The provost at Wright State University, near Dayton, Ohio, has lost his job as a result of an internal investigation into the institution's use of the H-1B program; a second official has been demoted and may lose his tenured teaching status; and a third has been fired.
It sounds very much like the university found out about the problems before DHS did, but that's a widespread pattern. An AP story indicates that a federal investigation is ongoing, but did not name the agency doing it.
Wright State is a middle-sized (17,000 students, $310 million a year) state-run institution with some research facilities. It is now an independent entity, but it used to be a campus of Ohio State and Miami University. It is near the big Wright-Patterson Air Force Base, and is a few miles from the congressional district of Speaker Boehner.
What happened to cause the actions against the three? It must have been significant because such institutions are loath to fire top officials.
The university's president, David Hopkins, said in a not-very-forthcoming statement that:
[T]his past spring we were presented with credible evidence that somewhere between two and five years ago not every H-1B employee sponsored by the university was actually working for the university.
According to MyVisaJobs.com, Wright State filed 121 labor condition applications for H-1Bs in the years 2011-2015. Employers generally file two or three LCAs for every alien actually hired.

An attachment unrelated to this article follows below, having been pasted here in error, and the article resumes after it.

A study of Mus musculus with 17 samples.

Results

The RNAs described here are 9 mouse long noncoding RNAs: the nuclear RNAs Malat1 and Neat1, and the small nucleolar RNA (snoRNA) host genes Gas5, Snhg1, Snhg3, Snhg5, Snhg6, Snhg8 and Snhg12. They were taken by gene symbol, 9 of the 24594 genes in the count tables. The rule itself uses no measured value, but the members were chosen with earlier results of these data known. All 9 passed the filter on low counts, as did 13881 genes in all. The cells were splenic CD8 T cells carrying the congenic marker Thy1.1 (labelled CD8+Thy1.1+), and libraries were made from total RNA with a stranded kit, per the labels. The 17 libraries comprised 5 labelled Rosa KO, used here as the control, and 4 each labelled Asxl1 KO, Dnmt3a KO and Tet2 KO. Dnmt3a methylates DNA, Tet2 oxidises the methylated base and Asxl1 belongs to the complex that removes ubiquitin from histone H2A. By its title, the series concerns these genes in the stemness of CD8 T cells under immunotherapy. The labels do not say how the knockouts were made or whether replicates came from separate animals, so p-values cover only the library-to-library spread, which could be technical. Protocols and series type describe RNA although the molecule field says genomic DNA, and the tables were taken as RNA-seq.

Wright State officials, like similarly placed executives at other universities, have the potential to access a major flow of illicit money by manipulating foreign worker programs, but this either rarely happens or it is rarely reported in the non-profit education sector. These illicit opportunities are there because universities have open access to the H-1B program and can secure as many workers as they want, while corporations have to live within the (too generous) national ceiling of 85,000 new H-1Bs a year.
A university can — as even mighty Microsoft cannot — say to a would-be H-1B worker: "Come and join us, we are absolutely certain that our application will not be thwarted by a numerical ceiling."
I have been paying attention to such issues for years, but have heard of only one instance in which a "university" was using its status to bring large numbers of H-1Bs into the country who did not, in fact, work for the institution or affiliated entities. In that instance, the entity said it would employ the H-1Bs as nursing professors, but they actually worked as nurses in hospitals and nursing homes and had to pay substantial bribes to those who arranged their visas. (The exploitation of F-1 students, and the government, by for-profit visa mills is another story.)
I used quotation marks above because the schemers in Colorado invented an educational institution out of whole cloth — Adam University — for their devious purposes and fooled the feds for years.
Just what happened at Wright State, I do not know. It may be that the three officials simply used the H-1B system to bring in friends or relatives and no money changed hands. (Two of the three have subcontinent names.) Or it could be a substantial operation along the lines of Adam University, or something in between.
The former provost, Sundram Narayanan, who is currently the subject of an effort by the university to remove him from his tenured professorship, took a huge risk in this venture; he was paid at the rate of $352,642 a year in 2013 according to university records.
Local reporters, not surprisingly, were unaware of the university's powers in the H-1B program and described it along predictable lines: "The main point of the H-1B visa is to allow highly trained foreign employees the opportunity to work for a specific company in the United States for a few years," reported WDTN.